Labour MP David Lammy suggests he is not on the frontbench because of 'the white men who run my party'
Labour MP David Lammy has suggested he is not a shadow minister because he is black.
The Tottenham MP said "the white men who run my party" were the only ones who can explain why he is not on the Labour frontbench.
Mr Lammy, who was first elected in 2000, was a minister in both Tony Blair's and Gordon Brown's governments, and turned down a frontbench post when Ed Miliband was leader.
He has never been in Jeremy Corbyn's frontbench team, although it is understood that he turned down a job in the Labour leader's first reshuffle.
In an interview with The Guardian, Mr Lammy was asked if he could explain why he was not in a frontbench job.
He said: "No. Go and ask the white men who run my party. That’s all I’m going to say.
"Go and ask them. Go and ask them. Don’t come to me and ask me why I haven’t been chosen. Ask them about who they’ve chosen."
Asked why he was not part of Mr Corbyn's inner circle, despite nominating him to be leader, he said: "You know what? You know what? I’m so bored of tribal politics. That’s part of the problem. I’m so bored of it. I’m not a tribalist. That’s not what turns me on. So if I don’t present sufficiently as part of the clique, then so be it. I am very happy influencing change in the way I’m influencing change. I have long given up crawling up political backsides in order to float to the top."
Elsewhere in the interview, Mr Lammy also included Sadiq Khan, the Labour mayor of London, in a list of politicians who have not done enough to tackle the recent spate of violent crime in the capital.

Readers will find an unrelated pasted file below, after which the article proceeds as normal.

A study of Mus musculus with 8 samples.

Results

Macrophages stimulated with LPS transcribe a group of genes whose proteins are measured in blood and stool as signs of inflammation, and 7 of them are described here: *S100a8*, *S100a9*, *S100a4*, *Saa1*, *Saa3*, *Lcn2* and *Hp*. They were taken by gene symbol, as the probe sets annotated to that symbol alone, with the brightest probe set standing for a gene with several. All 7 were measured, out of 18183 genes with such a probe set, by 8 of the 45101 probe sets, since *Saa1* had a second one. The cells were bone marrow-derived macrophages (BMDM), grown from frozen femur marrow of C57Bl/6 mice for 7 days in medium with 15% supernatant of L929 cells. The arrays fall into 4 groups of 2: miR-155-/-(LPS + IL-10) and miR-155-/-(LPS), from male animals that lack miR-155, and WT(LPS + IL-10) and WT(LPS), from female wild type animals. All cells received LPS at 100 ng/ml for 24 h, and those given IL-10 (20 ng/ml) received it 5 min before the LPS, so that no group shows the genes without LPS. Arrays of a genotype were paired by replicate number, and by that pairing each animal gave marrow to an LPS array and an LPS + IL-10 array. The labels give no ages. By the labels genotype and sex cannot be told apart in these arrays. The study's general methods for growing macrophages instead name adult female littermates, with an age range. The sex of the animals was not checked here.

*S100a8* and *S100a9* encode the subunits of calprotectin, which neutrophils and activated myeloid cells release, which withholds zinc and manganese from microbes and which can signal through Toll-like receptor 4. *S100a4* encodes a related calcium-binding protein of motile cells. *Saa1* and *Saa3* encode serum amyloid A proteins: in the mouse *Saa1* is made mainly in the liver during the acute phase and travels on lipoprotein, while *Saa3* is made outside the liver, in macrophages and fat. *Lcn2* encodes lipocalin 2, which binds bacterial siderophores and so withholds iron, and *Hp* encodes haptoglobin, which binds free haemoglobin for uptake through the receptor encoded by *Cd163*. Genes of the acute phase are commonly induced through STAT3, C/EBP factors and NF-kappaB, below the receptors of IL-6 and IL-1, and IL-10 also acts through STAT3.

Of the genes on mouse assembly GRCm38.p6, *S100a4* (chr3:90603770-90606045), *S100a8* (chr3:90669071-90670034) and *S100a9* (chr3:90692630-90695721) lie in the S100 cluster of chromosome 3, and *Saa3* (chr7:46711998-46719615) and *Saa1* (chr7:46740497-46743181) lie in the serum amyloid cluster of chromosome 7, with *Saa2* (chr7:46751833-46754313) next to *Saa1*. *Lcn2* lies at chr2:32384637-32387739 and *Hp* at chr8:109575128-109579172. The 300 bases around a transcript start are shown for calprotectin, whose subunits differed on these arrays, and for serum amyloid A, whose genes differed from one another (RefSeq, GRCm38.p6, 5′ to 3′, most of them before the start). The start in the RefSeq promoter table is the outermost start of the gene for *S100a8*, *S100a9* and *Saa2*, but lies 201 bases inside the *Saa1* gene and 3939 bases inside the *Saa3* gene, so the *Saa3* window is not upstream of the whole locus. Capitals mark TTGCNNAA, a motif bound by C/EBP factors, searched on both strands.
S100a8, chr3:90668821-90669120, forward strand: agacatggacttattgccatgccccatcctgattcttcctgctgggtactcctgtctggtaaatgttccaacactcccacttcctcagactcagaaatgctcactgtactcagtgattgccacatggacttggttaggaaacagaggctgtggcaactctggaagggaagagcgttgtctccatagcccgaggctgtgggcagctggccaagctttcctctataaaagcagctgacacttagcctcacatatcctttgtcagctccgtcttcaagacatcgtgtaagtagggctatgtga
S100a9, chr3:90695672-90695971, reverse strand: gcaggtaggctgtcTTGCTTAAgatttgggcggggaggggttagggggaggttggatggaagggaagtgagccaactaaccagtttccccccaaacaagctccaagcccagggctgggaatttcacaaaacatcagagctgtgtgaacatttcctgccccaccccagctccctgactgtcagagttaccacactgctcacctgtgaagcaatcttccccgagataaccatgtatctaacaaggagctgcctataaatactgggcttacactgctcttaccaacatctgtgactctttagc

He said: "You know, I’m here in this constituency, it’s bloody tough. Why is there a political vacuum? Where is the Prime Minister? Where is the Home Secretary? Where is Sadiq Khan? There’s a riot, everyone’s on holiday? David? Kids get killed? David?
"So I have to start every debate. I have to be in every discussion. It’s very frustrating. I want other people to step up to leadership. I can’t do this all on my own.
"Quite rightly, folk on the street are pretty p****d off, they’re really frustrated with politicians, they want action. I hear: ‘David, can you do this? ‘David, can you do that?’ I’m trying, but I can’t.
"I find it slightly odd that I am asked to be the urban guru. I haven’t got a budget. I’m a legislator, but it’s hard to legislate when my party’s out of power. I can convene and knock heads together, I have some influence and can speak to the media. So I’m doing what I can do. But I have no pocket of cash."